Social conservatives have long been opposed to initiatives to combat the human papillomavirus (HPV), which increases a woman’s chances of developing cervical cancer. Merck developed a vaccine that immunizes against HPV infection, and it was approved by the FDA, which led the religious right to fight for restrictions. As the Family Research Council said a while back, the vaccine “could be potentially harmful” to women “because they may see it as a license to engage in premarital sex.”
Let that one roll around in your brain for a moment.
Texas Gov. Rick Perry (R), at least in 2007, knew better. Indeed, the governor was refreshingly sensible on the matter: “Providing the HPV vaccine doesn’t promote sexual promiscuity any more than the hepatitis B vaccine promotes drug use,” Perry said at the time. “If the medical community developed a vaccine for lung cancer, would the same critics oppose it, claiming it would encourage smoking?”
Now that Perry is seeking the Republican presidential nomination, he’s backed away from his sensible stand. But that’s not quite good enough for Michele Bachmann and Rick Santorum who, much to Mitt Romney’s delight, hammered Perry on this in last night’s debate. Indeed, Bachmann even accused the Texas governor of possible corruption.
BACHMANN: I just wanted to add that we cannot forget that in the midst of this executive order there is a big drug company that made millions of dollars because of this mandate. We can’t deny that…. What I’m saying is that it’s wrong for a drug company, because the governor’s former chief of staff was the chief lobbyist for this drug company. The drug company gave thousands of dollars in political donations to the governor, and this is just flat-out wrong. The question is, is it about life, or was it about millions of dollars and potentially billions for a drug company?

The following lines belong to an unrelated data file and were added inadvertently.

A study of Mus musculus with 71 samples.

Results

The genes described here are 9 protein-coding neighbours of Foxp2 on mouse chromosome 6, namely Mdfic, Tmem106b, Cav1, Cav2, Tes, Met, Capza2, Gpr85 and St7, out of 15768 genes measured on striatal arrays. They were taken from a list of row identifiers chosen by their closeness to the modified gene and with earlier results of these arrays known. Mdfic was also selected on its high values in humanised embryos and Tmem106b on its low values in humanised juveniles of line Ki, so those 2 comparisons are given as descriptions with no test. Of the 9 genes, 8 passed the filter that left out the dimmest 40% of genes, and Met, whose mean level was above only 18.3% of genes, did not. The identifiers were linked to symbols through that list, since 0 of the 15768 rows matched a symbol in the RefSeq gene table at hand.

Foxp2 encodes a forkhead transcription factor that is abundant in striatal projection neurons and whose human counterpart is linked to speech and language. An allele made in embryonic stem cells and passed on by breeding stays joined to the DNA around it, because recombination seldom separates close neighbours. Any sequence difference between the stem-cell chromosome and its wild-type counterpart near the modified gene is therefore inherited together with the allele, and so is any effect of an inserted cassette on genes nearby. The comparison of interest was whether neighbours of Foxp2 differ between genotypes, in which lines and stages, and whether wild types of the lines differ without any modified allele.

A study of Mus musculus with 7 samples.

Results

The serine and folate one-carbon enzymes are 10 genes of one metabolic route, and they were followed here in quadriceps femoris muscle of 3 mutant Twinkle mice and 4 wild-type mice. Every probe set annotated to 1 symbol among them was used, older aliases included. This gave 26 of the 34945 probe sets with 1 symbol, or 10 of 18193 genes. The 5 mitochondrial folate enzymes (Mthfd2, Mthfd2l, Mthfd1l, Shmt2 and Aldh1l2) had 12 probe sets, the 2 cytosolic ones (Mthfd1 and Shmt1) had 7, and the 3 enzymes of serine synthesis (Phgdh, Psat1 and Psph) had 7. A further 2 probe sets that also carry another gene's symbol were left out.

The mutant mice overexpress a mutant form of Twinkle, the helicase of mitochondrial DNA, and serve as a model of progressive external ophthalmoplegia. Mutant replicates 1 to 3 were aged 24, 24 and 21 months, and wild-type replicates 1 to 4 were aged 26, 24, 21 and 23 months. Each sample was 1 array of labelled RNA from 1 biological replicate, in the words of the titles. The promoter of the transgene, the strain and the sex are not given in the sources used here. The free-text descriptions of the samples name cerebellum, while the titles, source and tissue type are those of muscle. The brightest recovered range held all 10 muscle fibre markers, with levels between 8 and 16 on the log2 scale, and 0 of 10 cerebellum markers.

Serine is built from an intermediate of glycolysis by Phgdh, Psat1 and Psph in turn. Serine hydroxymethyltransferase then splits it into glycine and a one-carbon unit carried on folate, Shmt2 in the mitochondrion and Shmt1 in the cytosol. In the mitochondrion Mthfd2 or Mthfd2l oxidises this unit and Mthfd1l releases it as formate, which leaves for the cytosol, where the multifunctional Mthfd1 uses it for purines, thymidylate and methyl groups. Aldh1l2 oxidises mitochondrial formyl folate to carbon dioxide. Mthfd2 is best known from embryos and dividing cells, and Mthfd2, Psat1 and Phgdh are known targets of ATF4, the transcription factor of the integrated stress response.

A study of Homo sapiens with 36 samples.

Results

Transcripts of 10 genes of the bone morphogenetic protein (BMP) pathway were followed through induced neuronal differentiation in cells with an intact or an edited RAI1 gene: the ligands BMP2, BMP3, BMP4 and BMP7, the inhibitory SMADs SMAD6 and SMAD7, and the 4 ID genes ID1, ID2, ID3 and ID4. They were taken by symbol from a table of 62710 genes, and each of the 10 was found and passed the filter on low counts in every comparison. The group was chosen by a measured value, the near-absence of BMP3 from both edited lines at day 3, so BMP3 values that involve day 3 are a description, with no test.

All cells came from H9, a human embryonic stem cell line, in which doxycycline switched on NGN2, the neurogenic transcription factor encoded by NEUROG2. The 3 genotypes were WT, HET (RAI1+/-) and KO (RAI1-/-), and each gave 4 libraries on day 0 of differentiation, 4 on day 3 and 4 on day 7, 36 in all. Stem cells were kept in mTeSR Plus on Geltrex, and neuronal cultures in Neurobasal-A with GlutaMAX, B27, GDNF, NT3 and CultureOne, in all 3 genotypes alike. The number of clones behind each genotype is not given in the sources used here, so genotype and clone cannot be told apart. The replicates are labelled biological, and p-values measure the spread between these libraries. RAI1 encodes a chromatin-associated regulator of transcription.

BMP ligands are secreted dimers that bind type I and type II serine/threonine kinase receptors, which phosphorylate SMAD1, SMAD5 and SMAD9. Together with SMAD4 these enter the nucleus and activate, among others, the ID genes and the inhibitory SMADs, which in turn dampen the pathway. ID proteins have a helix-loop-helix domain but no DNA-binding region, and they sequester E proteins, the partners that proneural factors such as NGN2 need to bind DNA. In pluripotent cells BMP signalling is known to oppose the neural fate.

BLITZER: All right. I’ll let Senator Santorum hold off for a second. You’ve got to respond to that.
PERRY: Yes, sir. The company was Merck, and it was a $5,000 contribution that I had received from them. I raise about $30 million. And if you’re saying that I can be bought for $5,000, I’m offended.
He certainly didn’t mean it this way, but the answer made it seem as if Perry could be bought, if only the payoff was much greater.
Regardless, this is quickly becoming one of the key issues in the Republican race. Right-wing activists are taking it seriously, and Bachmann even claimed, falsely, in an interview after the debate that the HPV vaccine can lead to mental retardation in girls. There’s no evidence to support this — there’s generally no evidence to support any of Bachmann’s claims — but it will apparently be another far-right area of concern, and an issue for Perry to deal with.
So long as conservatives believe the appropriate penalty for sexual activity is cervical cancer, this will likely remain an important part of the campaign.